SOUTH GLENS FALLS — Betsy Stambach-Fuller, high school music teacher at South Glens Falls High School, where she has spent the last 11 years teaching, keeps herself very busy. Between her family, which includes her husband of 10 years, Jonathan, and her two children, Evelyn, 9, and Timmy, 5, teaching six classes, directing the high school’s drama club, and instructing the internationally competitive Acapella group Vocal Point, it’s no wonder her students love her.
“[SGF] is great, the kids here are some of the most kindhearted students that I’ve ever had the pleasure of working with. That just makes everything, all the long hours and time spent away from my family, just that much more worth it,” Stambach-Fuller said, praising her students.
While she highly praises her students and the South Glens Falls district, her students praise her equally.
“Because of Betsy Stambach-Fuller, the students and the community are brought together by the music she teaches and the time and effort she puts into her work. Without her, the South Glens Falls High School music program would not thrive as it does now, and the students would not be as passionate and excited about the music as they are today,” said student Josh Daley in a letter nominating Stambach-Fuller for Women of Influence.
With a master’s in music education from SUNY Fredonia, Stambach-Fuller teaches Choristers, Choraliers, Music Theory, Broadway Performance, History of Rock, and Life Skills.
“I always knew that I wanted to remain active in music and theater and then I was looking at those teachers who were really influential on my life, and I thought ‘how cool would it be to keep that going and pay it forward, to do that same thing those teachers did for me, for others,’” she said.
Her favorite part of teaching is the interaction she has with her students.
“I have that opportunity to really watch them grow and develop into adulthood for four years, because as a music teacher, they’re consistently with me. I think that is the most rewarding part, watching where they start in ninth grade and then seeing how they’ve blossomed into kind and capable adults by the time they graduate,” Stambach-Fuller explained.
“Last year, one of my graduating seniors paid me the ultimate compliment. She said, ‘I’ve watched you for four years and I’ve noticed that you’re really constant in what you do, and you don’t take heed to how others perceive you, you just follow your heart and you do what’s right.’ She was saying that she has struggled with an eating disorder and things like that, so she looked up to me as a role model in that respect where I just remain true to my convictions and my heart, that gave her inspiration through the healing process. So, for this school year, that impacted me to think students really do watch every movement that we make, everything we say, it impacts them more than we might realize. So, I do focus more now on being that smile or being that hug that students who are struggling, and I may not realize they are struggling on those personal levels. I do tend to focus now on being there and going out of my way to say good morning to everyone in the hall or paying a compliment to a student just to lift the burdens that they carry,” she said.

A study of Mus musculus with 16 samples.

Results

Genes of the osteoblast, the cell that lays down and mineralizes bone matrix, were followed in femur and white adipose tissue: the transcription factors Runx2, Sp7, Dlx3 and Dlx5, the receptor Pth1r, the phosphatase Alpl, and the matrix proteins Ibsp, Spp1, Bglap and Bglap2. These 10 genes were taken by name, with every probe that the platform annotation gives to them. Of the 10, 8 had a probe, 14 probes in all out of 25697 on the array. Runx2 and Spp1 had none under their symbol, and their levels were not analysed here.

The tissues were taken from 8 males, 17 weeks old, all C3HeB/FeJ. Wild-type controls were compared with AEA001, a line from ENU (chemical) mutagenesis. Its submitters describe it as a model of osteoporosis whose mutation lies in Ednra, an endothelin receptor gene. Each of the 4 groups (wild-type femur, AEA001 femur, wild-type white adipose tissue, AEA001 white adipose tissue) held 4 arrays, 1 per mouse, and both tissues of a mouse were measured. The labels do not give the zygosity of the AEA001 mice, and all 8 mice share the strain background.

The most recent show the drama club put on was Ghost the Musical, and it was the first time it was performed in the capital region.
“We really were able to put our own mark in the interpretation on it,” she said.
For the last five years, her select vocal group has competed at the international level and this year they finally got the chance to move on to semi-finals, which take place Saturday, March 24. For Stambach-Fuller, however, it isn’t about the competitions or accolades, it’s about watching her students become wonderful people.
“Years ago, we had a student who was battling throat cancer, so just watching our students really use the power of music to help with that. The emotional treatments associated with an illness and everything, those are the moments that really stick out, when the kids come together to help others,” she stated.
In the summer, Stambach-Fuller directs a couple of theater camps and works with the Schuylerville Community Theater. She also teaches an acapella camp at the Glens Falls Music Academy called CampApella.
“It’s nice to have the summer together with my family because during the school year with all of our all-county festivals, all-state festivals, and the play, I have a lot of time away from them in the evenings and weekends, so we definitely take advantage of reconnecting in the summer,” she said.
In her free time, Stambach-Fuller enjoys taking the train to New York City to see as many shows as she can. Her husband, Jonathan, is also a musician, so they enjoy going to as many concerts as possible, ranging from Ben Folds to the orchestra.
“I can’t escape the arts, in a sense,” she laughed.
Aside from her love for music and theater, she is also a New York Giants fanatic and never misses a game, whether on tv or in person.